Gavan Lintern earned his Ph.D. in Engineering Psychology from the University of Illinois in 1978 and M.A. and B.A. degrees in experimental psychology from the University of Melbourne, Australia, in 1971 and 1969. He has worked in aviation-related human factors research at the Defense Science and Technology Organization (then known as the Aeronautical Research Laboratories), Melbourne (1971-1974), and in flight simulation research on a U.S. Navy program in Orlando, Florida (1978-1985). He returned to the University of Illinois in 1985 to take up a position as a faculty member at the Institute of Aviation (1985-1997). He has subsequently filled positions as head of human factors at the Defence Science and Technology Organisation in Melbourne (1997-2001), senior scientist with Aptima, Inc. in Boston (2001-2003) and chief scientist with General Dynamics Advanced Information Systems in Dayton Ohio (2003-2009).
Dr. Lintern’s primary areas of expertise are in cognitive analysis and design of complex knowledge and information systems, instructional system development for aviation and information-intensive systems, and e-Learning development of professional and technical courseware. He has high-level skills in Cognitive Work Analysis, Ecological Interface Design, Brahms human workflow modeling and web design. His current focus is on Human Systems Integration with an emphasis on demonstrating how the tools of Cognitive Systems Engineering can contribute to the overall efforts of Systems Engineering.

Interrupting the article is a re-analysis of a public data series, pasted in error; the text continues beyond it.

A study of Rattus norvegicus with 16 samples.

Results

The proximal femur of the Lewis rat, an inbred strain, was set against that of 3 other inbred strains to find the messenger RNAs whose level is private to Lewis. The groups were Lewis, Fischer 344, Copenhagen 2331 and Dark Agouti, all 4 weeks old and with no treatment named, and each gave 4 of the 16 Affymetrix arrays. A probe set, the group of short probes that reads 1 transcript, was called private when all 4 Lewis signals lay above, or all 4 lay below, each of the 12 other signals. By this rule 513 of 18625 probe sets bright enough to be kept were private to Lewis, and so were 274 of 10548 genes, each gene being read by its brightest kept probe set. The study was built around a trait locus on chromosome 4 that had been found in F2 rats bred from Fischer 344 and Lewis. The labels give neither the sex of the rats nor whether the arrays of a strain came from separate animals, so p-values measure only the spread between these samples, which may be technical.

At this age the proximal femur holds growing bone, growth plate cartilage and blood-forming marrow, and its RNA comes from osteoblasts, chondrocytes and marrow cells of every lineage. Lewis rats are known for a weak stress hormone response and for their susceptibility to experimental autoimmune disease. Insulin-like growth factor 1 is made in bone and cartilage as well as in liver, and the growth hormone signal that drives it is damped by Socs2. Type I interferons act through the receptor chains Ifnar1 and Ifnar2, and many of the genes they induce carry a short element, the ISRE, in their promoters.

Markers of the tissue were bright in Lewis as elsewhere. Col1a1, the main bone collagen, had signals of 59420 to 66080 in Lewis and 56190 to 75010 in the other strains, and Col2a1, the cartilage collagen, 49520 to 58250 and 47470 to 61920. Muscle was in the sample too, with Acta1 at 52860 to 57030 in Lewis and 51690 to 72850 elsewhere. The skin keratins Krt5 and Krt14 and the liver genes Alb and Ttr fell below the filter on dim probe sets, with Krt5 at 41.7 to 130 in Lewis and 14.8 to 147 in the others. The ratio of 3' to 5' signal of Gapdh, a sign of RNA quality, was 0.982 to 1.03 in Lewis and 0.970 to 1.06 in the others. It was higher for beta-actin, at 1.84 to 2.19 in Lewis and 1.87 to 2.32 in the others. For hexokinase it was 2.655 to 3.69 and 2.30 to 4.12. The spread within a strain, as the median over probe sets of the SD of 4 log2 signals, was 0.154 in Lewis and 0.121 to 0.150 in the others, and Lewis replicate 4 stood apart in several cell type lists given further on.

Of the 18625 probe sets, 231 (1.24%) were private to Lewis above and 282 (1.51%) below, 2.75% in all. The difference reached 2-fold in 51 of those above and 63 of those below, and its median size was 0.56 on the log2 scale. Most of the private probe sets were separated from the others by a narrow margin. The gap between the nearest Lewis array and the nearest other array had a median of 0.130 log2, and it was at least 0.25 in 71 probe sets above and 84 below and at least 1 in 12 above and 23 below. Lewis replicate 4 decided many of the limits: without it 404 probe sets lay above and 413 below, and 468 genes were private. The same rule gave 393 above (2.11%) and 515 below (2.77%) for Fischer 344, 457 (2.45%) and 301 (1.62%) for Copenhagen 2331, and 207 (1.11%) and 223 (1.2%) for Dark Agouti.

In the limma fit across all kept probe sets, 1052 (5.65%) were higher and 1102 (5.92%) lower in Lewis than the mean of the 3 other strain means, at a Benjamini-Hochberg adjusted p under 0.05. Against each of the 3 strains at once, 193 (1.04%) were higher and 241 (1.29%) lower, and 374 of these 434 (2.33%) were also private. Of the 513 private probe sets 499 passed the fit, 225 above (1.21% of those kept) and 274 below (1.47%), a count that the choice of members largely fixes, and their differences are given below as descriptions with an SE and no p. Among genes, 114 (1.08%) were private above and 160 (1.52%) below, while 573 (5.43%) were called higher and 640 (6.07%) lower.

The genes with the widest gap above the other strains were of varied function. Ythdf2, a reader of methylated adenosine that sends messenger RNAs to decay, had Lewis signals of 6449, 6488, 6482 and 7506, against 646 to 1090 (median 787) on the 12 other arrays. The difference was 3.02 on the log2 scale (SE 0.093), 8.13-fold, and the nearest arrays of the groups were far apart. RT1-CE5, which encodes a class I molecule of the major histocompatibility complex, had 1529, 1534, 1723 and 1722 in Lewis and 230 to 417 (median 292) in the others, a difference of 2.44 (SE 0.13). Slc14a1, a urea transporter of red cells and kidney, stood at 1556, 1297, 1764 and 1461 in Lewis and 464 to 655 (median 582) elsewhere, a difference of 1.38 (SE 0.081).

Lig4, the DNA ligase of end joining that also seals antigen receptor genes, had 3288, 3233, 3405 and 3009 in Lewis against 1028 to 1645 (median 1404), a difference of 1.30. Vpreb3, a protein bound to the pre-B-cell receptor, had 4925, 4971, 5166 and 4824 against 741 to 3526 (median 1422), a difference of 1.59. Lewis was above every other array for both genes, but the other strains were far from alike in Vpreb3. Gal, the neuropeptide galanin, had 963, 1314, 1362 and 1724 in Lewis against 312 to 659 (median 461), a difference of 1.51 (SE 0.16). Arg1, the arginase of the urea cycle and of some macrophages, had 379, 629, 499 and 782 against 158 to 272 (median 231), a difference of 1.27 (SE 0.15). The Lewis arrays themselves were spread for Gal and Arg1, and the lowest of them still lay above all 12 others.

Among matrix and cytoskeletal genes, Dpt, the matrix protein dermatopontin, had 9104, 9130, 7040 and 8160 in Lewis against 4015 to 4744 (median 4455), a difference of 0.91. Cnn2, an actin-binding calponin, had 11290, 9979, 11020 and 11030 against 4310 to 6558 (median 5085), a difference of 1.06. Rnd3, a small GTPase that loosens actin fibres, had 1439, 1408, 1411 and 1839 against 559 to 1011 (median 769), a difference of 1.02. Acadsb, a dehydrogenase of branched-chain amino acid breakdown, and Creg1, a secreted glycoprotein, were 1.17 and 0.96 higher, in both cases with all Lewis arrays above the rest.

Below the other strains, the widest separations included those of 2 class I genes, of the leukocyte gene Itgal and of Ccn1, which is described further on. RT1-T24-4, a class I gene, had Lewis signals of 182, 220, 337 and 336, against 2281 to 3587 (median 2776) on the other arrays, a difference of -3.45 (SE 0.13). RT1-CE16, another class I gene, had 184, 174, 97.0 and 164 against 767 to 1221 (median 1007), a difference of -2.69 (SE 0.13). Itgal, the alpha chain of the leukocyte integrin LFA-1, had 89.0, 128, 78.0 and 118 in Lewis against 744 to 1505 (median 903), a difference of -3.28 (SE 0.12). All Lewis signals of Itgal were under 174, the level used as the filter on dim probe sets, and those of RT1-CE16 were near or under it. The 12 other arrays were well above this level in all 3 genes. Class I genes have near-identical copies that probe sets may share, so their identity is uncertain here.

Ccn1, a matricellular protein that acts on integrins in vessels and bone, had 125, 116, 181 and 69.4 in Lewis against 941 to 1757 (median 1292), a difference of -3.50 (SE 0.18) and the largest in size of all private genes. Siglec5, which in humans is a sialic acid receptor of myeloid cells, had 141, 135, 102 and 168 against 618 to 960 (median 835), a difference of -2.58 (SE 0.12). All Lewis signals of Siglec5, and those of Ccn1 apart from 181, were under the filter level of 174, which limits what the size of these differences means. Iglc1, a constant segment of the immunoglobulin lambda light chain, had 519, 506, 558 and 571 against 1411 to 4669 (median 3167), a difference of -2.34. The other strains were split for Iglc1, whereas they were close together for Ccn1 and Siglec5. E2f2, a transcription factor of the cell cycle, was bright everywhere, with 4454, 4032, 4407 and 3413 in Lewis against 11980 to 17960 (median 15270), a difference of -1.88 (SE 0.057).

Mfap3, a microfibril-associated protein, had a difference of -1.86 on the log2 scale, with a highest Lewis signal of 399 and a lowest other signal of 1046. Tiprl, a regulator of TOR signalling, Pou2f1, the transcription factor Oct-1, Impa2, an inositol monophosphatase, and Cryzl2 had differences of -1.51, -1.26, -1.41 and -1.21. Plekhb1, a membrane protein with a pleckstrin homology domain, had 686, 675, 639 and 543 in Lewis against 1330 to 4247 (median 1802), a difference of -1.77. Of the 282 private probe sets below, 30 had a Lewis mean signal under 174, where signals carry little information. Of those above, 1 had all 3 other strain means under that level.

He has over 30 publications in reviewed journals and numerous symposium papers and book chapters. He is a Fellow of the Human Factors & Ergonomics Society, a recipient of the Jerome H. Ely Award, 1991, best paper in Volume 32 of Human Factors and a recipient of the George E. Briggs Dissertation Award, 1978. He has served on the Editorial Board, Human Factors (1986-2000) and still serves on the Editorial Boards of The International Journal of Aviation Psychology (since 1991) and Cognitive Engineering & Decision Making (since 2007).
Gavan retired from General Dynamics in early 2009 and now works part time as an industry consultant, otherwise filling in his time as minder of the home pets and general home roustabout. He published a book titled The Foundations and Pragmatics of Cognitive Work Analysis in April 2009.
Gavan established an Associate Principal Consultant relationship with Project Performance International in 2009.